Tippecanoe County Courthouse
Tippecanoe County Courthouse
Southern and western sides of the courthouse
|Location||Public Sq., Lafayette, Indiana|
|Area||less than one acre|
|Architect||Farman & Pearce; Alexander,James F.|
|Architectural style||Classical Revival, Beaux-Arts, and Neoclassical|
|NRHP Reference #||72000013|
|Added to NRHP||October 31, 1972|
The Tippecanoe County Courthouse is located on the public square in the city of Lafayette in Tippecanoe County, Indiana. The public square is located between the north-south 3rd and 4th Streets and between the east-west Main and Columbia Streets.
When the county was first organized in 1826, rooms were rented in which to conduct county business, until 1829 when the first courthouse was built; it was a two-story brick building. It was replaced by a larger brick building in 1845 at a cost of about $3,000; there was a fire in this building in the 1840s, but it was extinguished before it could do any damage. The third and current courthouse was built on the site from 1881 to 1884 at a cost of about $500,000. It is built of Indiana limestone and is two-and-a-half stories tall on a raised basement. Architecturally, it is a pastiche of styles including Second Empire, Beaux Arts, Baroque, Rococo, Georgian and Neo-Classical. Paul Goeldner in his study of Midwestern courthouses called the building the "epitome of county capitals".
When Samuel Clemens visited Lafayette he was asked his opinion about the Tippecanoe County Courthouse by a local newspaper reporter; Clemens replied: "Striking, striking indeed! It must have struck the taxpayers a mighty blow!" The comment was accurate as this was the most expensive courthouse built in the state until the Allen County Courthouse (Fort Wayne, Indiana) was built some twenty years later. The courthouse has one hundred columns, nine statues, an elongated dome with four clock faces and a 3,000-pound (1,400 kg) bell tuned to C-sharp. A 14-foot statue depicting liberty tops the courthouse dome at a height of 212 feet.
On August 2, 1998, perpetrator(s) crashed a pickup truck full of gasoline and explosives through the eastern entrance of the Tippecanoe County Courthouse. Local firefighters were able to put out the blazing truck—fortunately before any of the flammable materials in the truck were able to catch fire. On August 11, local county authorities placed concrete barriers around the courthouse to help prevent a similar attack in the future.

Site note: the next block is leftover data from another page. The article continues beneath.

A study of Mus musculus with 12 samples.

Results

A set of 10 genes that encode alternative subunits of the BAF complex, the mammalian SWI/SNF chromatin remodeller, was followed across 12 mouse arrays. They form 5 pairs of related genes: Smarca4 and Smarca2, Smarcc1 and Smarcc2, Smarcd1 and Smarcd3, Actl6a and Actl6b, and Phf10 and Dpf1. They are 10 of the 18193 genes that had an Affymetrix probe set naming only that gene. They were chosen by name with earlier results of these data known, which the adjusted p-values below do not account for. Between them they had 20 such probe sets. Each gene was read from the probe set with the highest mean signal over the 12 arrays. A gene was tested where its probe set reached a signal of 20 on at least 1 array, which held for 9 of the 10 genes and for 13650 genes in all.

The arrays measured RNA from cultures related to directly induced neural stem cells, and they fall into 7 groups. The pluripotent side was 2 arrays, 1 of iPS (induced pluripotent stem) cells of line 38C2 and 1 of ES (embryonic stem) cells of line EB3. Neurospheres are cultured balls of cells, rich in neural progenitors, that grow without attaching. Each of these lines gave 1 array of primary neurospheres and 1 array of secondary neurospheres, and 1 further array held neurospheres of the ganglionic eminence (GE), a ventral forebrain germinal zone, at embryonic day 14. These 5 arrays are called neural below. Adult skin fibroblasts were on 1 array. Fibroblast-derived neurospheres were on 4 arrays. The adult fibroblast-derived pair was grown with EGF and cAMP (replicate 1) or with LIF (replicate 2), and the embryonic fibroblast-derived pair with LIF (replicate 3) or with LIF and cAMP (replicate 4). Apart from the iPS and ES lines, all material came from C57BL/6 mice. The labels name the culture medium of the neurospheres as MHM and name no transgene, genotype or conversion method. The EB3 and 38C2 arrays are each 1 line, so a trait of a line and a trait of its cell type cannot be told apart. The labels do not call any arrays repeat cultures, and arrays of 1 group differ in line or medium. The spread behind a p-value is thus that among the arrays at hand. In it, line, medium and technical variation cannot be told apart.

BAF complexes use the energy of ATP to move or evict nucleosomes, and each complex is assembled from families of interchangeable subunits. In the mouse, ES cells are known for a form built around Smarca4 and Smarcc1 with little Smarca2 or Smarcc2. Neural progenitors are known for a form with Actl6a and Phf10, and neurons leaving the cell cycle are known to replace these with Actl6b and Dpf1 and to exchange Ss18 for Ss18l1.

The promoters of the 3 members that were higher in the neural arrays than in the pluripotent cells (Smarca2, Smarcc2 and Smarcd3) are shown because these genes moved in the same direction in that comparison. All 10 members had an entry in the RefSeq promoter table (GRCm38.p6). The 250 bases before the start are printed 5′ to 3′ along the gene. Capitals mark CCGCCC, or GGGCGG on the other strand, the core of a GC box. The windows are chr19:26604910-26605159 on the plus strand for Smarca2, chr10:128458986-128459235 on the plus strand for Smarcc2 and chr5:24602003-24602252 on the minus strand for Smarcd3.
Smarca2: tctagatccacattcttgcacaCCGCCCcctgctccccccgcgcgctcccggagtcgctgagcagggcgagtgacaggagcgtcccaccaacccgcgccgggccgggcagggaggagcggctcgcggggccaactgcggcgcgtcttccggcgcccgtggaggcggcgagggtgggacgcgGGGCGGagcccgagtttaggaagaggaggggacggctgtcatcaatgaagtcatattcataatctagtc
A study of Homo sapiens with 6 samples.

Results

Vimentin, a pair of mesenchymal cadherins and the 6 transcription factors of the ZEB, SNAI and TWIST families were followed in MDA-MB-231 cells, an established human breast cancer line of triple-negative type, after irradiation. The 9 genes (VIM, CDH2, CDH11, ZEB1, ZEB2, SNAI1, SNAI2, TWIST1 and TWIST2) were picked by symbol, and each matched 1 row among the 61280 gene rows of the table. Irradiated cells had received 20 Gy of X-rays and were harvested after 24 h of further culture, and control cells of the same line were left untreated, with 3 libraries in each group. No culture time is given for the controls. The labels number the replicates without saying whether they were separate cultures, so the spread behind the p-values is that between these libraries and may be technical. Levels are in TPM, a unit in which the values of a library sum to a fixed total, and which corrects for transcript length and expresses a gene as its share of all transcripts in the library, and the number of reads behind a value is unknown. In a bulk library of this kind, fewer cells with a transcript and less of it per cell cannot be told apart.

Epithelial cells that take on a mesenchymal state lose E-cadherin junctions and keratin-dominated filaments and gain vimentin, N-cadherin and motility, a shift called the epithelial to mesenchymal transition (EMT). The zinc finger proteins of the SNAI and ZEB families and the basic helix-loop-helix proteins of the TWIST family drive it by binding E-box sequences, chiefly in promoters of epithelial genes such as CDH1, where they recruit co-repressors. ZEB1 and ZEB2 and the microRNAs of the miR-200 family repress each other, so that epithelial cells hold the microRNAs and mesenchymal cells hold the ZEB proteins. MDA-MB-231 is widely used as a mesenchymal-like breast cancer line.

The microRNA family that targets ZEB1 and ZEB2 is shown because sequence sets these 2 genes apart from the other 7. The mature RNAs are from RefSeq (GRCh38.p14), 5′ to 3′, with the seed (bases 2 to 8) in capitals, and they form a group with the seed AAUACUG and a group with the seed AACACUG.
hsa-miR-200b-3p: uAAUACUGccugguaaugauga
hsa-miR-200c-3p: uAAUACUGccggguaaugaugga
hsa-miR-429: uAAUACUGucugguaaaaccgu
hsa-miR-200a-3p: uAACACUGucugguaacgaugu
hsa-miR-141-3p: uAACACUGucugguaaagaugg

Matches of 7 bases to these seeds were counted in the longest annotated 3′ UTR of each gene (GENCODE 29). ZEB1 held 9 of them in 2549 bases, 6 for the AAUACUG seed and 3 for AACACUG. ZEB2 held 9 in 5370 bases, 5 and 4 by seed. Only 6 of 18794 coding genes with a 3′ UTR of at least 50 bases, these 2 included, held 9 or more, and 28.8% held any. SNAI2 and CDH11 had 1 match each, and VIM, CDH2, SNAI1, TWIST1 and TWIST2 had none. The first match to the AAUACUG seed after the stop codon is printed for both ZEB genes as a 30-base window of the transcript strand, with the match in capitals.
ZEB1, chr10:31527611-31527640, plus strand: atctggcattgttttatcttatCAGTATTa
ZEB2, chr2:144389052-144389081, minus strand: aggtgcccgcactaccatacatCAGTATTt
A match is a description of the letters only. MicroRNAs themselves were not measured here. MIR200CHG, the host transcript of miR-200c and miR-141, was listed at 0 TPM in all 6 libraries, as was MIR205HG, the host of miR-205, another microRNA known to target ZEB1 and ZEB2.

A white male in his mid-40s was wanted for questioning because he was spotted near the scene around the time the truck crashed into the courthouse. Agents with the Bureau of Alcohol, Tobacco, Firearms and Explosives found evidence at the scene and sent it for processing but no arrest was ever made for the attempted bombing of the county courthouse. In 2008, a $50,000 reward was offered for information leading to an arrest.
- "National Register Information System". National Register of Historic Places. National Park Service. 2009-03-13.
- General R. P. DeHart, ed. (1909). Past and Present of Tippecanoe County Indiana 1. Indianapolis: B. F. Bowen and Company. pp. 155–157. Retrieved 2010-12-11.
- Counts, Will; Jon Dilts (1991). The 92 Magnificent Indiana Courthouses. Bloomington, Indiana: Indiana University Press. pp. 164–5. ISBN 978-0-253-33638-5.
- "A Day in the Life of Tippecanoe County" http://tcha.ecn.purdue.edu:8080/?q=1998 Accessed 05-04-08.
- "Counter-Terrorism for First Responders" by Robert Burke, page 187, 510 pages, copyright 2006, ISBN 0-8493-9923-8
- "$50,000 reward offered in Tippecanoe Courthouse attempted bombing". Lafayette Online. Retrieved 2010-12-12.
- Slade, Thomas M. (1983). Historic American Buildings Survey in Indiana. Bloomington, Indiana: Indiana University Press. p. 122. ISBN 0-253-32741-5.
- Smith, George Everard Kidder (1981). A Pictorial History of Architecture in America. New York: Bonanza Books. p. 463. ISBN 0-517-36237-6.